Indigenous science students are making a difference
As Indigenous Student Representatives of the Science Students Association, Amanda Fontes and Kelsey Papineau are passionate about finding opportunities to develop an inclusive and supportive learning environment that promotes Indigenous student success, and enhances the university experience of Indigenous students like themselves.
These newly created positions have kept the pair, both aspiring pre-med students, very busy this year. While their roles as student representatives continue to evolve, their main goals include improving communication with students, faculty, the wider campus community, and organizing outreach events to encourage Indigenous youth to consider a post-secondary education in science.
“Our events have ranged from an information session on the Natural Sciences and Engineering Research Council of Canada Undergraduate Student Research Awards, (USRA), to collaboration with University of Manitoba Aboriginal Students Association (UMASA) for the Canadians for a New Partnership event,” said Fontes.
For Papineau, the most memorable event this past year was volunteering with Let’s Talk Science, a national organization of university student volunteers, at the Turtle Island Community Centre in Winnipeg. “I was very excited to attend this event and do hands-on activities with the children, it was extremely rewarding to see how much they enjoyed participating in science!”
Over the past year the two have worked with many members of the university including former Dean of Science, Mark Whitmore, and Deborah Young, the Executive Lead of Indigenous Achievement. They are also active participants on the newly established Faculty of Science Indigenous Achievement Committee.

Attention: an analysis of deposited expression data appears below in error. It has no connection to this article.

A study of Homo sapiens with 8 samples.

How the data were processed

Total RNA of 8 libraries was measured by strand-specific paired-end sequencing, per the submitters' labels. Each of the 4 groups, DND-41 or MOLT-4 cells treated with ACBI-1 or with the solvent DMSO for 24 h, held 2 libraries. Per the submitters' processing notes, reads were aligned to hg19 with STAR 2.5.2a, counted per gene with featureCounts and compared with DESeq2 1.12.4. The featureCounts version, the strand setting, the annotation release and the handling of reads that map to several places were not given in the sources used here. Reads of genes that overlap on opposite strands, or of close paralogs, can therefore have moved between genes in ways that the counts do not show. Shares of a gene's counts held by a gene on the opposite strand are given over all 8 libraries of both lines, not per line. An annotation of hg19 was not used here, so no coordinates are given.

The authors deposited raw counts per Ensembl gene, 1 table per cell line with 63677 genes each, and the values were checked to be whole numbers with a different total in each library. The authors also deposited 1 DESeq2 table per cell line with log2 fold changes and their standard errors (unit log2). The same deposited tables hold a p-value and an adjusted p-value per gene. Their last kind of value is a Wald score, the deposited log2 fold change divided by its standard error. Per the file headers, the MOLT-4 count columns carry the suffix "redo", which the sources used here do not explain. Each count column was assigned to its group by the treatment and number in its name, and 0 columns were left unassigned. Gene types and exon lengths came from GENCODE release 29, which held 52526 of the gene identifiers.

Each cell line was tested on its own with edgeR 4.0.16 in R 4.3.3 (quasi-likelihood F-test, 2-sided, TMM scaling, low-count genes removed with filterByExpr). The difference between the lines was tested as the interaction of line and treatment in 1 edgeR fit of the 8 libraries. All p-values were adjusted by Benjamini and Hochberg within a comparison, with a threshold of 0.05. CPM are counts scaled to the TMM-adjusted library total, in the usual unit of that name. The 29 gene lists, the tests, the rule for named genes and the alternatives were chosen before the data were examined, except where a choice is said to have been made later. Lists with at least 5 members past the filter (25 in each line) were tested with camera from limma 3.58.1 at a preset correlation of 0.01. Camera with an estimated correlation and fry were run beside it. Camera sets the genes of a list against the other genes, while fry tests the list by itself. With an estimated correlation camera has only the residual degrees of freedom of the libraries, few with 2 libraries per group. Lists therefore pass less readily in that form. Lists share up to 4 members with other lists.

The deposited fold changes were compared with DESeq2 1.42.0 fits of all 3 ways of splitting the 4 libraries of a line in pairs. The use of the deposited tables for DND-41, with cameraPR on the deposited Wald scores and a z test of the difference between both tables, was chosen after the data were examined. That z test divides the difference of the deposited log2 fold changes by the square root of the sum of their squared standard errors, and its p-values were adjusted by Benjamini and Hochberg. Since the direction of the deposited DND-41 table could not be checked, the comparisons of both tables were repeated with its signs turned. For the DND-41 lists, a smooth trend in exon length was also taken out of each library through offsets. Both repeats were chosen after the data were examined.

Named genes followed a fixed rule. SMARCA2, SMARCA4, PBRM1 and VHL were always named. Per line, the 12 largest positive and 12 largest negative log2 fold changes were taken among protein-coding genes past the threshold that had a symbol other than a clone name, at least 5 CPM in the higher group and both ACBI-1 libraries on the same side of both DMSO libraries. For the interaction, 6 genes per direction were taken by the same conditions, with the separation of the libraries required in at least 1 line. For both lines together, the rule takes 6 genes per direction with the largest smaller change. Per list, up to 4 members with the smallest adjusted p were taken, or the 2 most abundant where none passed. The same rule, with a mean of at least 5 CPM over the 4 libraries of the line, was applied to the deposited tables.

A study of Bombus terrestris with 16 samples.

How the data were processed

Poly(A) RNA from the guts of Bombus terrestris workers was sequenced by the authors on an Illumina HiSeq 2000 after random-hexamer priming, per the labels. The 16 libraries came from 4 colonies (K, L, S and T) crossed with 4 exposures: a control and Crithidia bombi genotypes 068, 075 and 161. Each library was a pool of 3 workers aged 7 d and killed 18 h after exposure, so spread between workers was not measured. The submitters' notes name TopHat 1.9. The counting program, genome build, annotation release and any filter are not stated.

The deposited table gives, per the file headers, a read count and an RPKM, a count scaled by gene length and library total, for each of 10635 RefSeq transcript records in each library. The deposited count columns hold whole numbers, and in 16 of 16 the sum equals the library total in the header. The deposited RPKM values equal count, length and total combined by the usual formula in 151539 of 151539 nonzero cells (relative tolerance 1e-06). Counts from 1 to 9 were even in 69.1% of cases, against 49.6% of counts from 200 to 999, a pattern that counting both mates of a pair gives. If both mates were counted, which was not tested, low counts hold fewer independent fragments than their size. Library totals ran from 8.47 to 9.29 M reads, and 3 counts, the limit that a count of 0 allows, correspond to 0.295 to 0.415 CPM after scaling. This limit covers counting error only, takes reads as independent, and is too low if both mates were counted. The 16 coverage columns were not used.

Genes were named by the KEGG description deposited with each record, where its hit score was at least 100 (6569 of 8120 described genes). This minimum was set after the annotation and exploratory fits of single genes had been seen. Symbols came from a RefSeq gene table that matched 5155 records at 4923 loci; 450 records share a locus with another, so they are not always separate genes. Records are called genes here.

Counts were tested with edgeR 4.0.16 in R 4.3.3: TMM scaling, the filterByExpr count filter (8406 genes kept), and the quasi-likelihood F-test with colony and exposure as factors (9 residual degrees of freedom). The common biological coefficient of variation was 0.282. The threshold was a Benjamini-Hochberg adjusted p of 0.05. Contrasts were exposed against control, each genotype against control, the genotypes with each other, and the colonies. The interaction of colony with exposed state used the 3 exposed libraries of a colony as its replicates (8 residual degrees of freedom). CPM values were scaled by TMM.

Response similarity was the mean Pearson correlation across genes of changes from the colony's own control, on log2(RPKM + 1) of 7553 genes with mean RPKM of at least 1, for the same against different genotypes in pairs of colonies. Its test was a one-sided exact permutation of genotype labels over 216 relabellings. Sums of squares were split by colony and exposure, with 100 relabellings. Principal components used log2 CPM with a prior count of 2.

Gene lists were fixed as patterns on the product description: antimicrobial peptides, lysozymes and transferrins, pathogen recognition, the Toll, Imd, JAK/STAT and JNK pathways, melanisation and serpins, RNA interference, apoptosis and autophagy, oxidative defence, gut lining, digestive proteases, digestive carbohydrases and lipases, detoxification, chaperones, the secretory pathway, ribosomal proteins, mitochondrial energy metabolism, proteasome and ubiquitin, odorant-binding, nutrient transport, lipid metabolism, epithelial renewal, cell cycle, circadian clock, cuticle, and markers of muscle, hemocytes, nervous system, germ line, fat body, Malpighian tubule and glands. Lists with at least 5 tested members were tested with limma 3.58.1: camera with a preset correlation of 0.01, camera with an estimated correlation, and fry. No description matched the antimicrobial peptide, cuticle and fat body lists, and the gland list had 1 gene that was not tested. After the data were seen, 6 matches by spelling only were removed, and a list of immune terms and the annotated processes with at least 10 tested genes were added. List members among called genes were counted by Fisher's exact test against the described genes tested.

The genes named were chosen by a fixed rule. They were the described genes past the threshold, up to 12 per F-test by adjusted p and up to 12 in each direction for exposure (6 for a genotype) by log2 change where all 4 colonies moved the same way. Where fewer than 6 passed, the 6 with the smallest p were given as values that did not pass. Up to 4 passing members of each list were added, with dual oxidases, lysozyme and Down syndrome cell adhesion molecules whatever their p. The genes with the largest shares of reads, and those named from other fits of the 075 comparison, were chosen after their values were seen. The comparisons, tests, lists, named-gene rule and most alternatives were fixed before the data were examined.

“I am delighted with the enthusiasm and hard work of Amanda and Kelsey,” said Whitmore. “They have already made key contributions to this work, with their newsletter, mailing lists, engagement of students, and the wisdom and ideas they are bringing forward. They are making huge contributions to our progress.”
“As we look into the future, our goal is to continue to improve on communication with our students using social media, mailing lists and more. We also hope that the current renovations to the science lounge will help to meet this objective, and create a welcoming environment,” said Fontes.
Both Fontes and Papineau, look forward to the seeing what future impact these initiatives will have on First Nations, Métis, and Inuit students overall.
The Faculty of Science is organizing a planning session on Indigenous Achievement open to all faculty, staff and students. The round table discussion will be held on Thursday, March 19 at 2:30 p.m. in room 108 St. John’s College.